The lack of communication can have serious consequences. Information can be misconstrued. Relationships damaged. Productivity slowed. Or sometimes, it can simply leave a bad taste in your mouth. Let me explain.
Early in our marriage, my wife and I lived on hilly, winding Windsor Drive in Homewood – a suburb of Birmingham, Alabama. Our little cottage was surrounded by vacant lots giving it a bucolic, peaceful appearance in the heart of the city. Inside our home, however, it was DEFCON 5 or, for the younger generation, Terror Threat Orange.
The reason why? My wife and I had three boys within 47 months. The mid to late 1990’s were a blur. I only have a vague recollection of the dot com bubble. Y2K didn’t bother me because I didn’t know about it until 2002! One memorable event does stand out from that time frame, however, and in our family folklore we simply call it The Toothbrush Story. It goes like this…
On any given Sunday during those turbulent 1990’s, you could find our family preparing to go to church. Despite the difficulty of going to church, my wife and I routinely attended hoping that the demons that had inhabited our home would be cast out before they left for kindergarten.
This particular Sunday, like most, we were running late. I was just about ready when my wife Christy requested that I put some Cheerios in the diaper bag in case one of the evil minions turned holy terror during the service. I dutifully went to the kitchen to stock the inventory while Christy went to brush her teeth. When she entered the bathroom, she saw our nearly three year old perched at the top of his potty training stairs in front of the toilet. He looked like one of those innocent cherubs spraying water in a fountain. Good boy! Way to avoid an accident at church!
His ten month old little brother had a ring side seat. Literally. He was fascinated with his older sibling’s talent. With one hand, he held on to the toilet bowl rim for balance. With the other, his little fingers gripped my wife’s toothbrush which he was using to “catch” the stream produced by his older brother. Both of them were giggling. My wife scolded the boys and took her toothbrush and laid it on the sink. Because we were already late, she proceeded to use my toothbrush and shooed the children out of the bathroom.
My work in the kitchen finished, I, too, was in need of dental hygiene, so I went into the same bathroom just vacated by wife and the little ones. I opened the medicine cabinet to retrieve my toothbrush but it was missing. Great, now we are going to be even later. To save time, I lathered up my wife’s toothbrush lying on the sink and went to find her. We often fought about time in those days. My high regard of it, and her blatant disregard of it. I stormed out so I could remind her of this.
I found her and my missing toothbrush in another bathroom. “Hurry up,” I urged with a mouthful of toothpaste, “we are going to be late!” I paused, then said, “And why did you use my toothbrush?”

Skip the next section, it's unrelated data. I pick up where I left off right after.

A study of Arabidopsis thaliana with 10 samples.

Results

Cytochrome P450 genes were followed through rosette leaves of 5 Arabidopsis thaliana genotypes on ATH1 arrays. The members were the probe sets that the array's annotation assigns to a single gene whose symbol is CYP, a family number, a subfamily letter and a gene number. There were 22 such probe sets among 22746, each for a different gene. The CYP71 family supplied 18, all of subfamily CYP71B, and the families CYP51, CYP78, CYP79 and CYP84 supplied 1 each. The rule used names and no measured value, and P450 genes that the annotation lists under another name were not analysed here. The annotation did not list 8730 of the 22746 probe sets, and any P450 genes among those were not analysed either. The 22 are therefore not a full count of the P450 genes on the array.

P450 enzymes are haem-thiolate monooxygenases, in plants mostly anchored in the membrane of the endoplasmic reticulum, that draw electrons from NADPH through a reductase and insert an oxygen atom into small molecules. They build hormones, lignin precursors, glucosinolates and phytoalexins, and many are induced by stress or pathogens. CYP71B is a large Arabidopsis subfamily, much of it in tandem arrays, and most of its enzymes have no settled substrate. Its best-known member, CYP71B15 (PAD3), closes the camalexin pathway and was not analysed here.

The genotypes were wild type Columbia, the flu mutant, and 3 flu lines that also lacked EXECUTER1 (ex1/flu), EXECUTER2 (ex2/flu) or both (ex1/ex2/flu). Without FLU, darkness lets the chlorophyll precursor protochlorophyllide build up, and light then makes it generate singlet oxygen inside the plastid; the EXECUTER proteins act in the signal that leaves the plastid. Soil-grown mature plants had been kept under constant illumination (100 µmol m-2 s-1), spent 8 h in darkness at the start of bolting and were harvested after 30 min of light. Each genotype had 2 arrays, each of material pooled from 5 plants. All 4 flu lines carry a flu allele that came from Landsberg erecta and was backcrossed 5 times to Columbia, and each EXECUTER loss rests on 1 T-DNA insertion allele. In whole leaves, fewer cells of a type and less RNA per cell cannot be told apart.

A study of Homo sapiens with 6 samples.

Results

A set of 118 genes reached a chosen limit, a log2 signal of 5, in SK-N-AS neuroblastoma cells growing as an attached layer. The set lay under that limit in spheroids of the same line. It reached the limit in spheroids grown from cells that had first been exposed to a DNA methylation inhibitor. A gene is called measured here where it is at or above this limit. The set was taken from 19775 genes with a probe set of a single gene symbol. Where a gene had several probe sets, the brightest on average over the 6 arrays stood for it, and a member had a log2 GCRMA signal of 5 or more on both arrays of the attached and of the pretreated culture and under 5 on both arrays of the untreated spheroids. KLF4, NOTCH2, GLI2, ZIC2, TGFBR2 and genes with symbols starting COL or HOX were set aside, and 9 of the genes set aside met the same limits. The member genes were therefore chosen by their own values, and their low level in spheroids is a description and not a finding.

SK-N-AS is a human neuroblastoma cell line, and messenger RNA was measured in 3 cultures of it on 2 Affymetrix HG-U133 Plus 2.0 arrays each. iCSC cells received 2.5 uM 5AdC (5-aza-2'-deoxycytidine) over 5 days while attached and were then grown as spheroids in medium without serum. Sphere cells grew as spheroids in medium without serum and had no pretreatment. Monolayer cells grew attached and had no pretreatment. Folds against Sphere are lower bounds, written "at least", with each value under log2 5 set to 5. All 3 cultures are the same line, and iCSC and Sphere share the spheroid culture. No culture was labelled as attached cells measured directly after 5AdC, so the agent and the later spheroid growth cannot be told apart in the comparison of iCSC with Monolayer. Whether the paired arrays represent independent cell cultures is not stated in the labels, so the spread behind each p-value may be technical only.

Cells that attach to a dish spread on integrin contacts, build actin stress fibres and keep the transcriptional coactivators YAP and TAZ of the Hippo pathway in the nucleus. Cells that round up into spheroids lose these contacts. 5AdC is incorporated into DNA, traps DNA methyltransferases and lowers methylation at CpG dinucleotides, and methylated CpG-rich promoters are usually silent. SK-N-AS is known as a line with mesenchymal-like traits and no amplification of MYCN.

“Because that one,” she said as she pointed to the one I was using, “was peed on.”
I have played that morning over in my mind many times to determine if my misfortune could have been avoided. My conclusion? The lack of communication significantly influenced our actions. And isn’t that the case in many instances when things go awry? Specifically, when people have a hiccup with communication, it usually hinges on three critical assumptions that are made by the owner of the information, which in today’s story, was my wife.
ASSUMPTION 1 – They’ll figure it out
With the information I was presented, there is no way on earth I could have concluded NOT to use my wife’s soiled toothbrush. The data was incomplete. How often do we share general or partially complete information thinking that those receiving the data are smart…they’ll get what we mean. When my toothbrush was missing and my wife’s right there, I naturally concluded that she must have used mine by mistake because we were in a hurry. The result was a gag by me and a hysterical laugh by my wife. But what if the information was critical to your business? The lack of time is no excuse. Make time to fill in the gaps, to be clear. Help those on the receiving end of the information by giving them all of it.
ASSUMPTION 2 – They’ll hear it from someone else who was at the meeting
Who was I supposed to hear it from in this case? The guilty toddlers? Even at that age they had learned to let the justice system run its course – why incriminate themselves before being put on the stand? Mum’s the word, bro. Taking time is not the foe here, it is making the effort. You can always point out a seasoned leader when a meeting is about to conclude. She always recaps what was said, who is doing what, how it will be done, and when results are expected. Another thing she does is this: she identifies and includes those who are on “a need to know basis” to make sure they are in the loop. Wish she would have been in our bathroom that morning…
ASSUMPTION 3 – They don’t want to hear what I have to say
According to my wife, for a fleeting moment she entertained the thought of telling me what happened, but she was fearful that I would yell at her and the boys. She was probably right. But, having that knowledge would have changed my behavior. How much time and energy is wasted at your company because people are operating under misinformation? People may initially be upset when communicated with candidly, as I did when I discovered my tainted toothbrush, but in the end they will respect your honesty. Remember, people act based on the communication they receive, so share your information to guide their behavior. Kicking the can down the road doesn’t help either one of you.
We’ve all heard the cliché how assuming can be hazardous for both parties involved. The take home message from this business tale? Without a concerted effort to clearly communicate, urine trouble.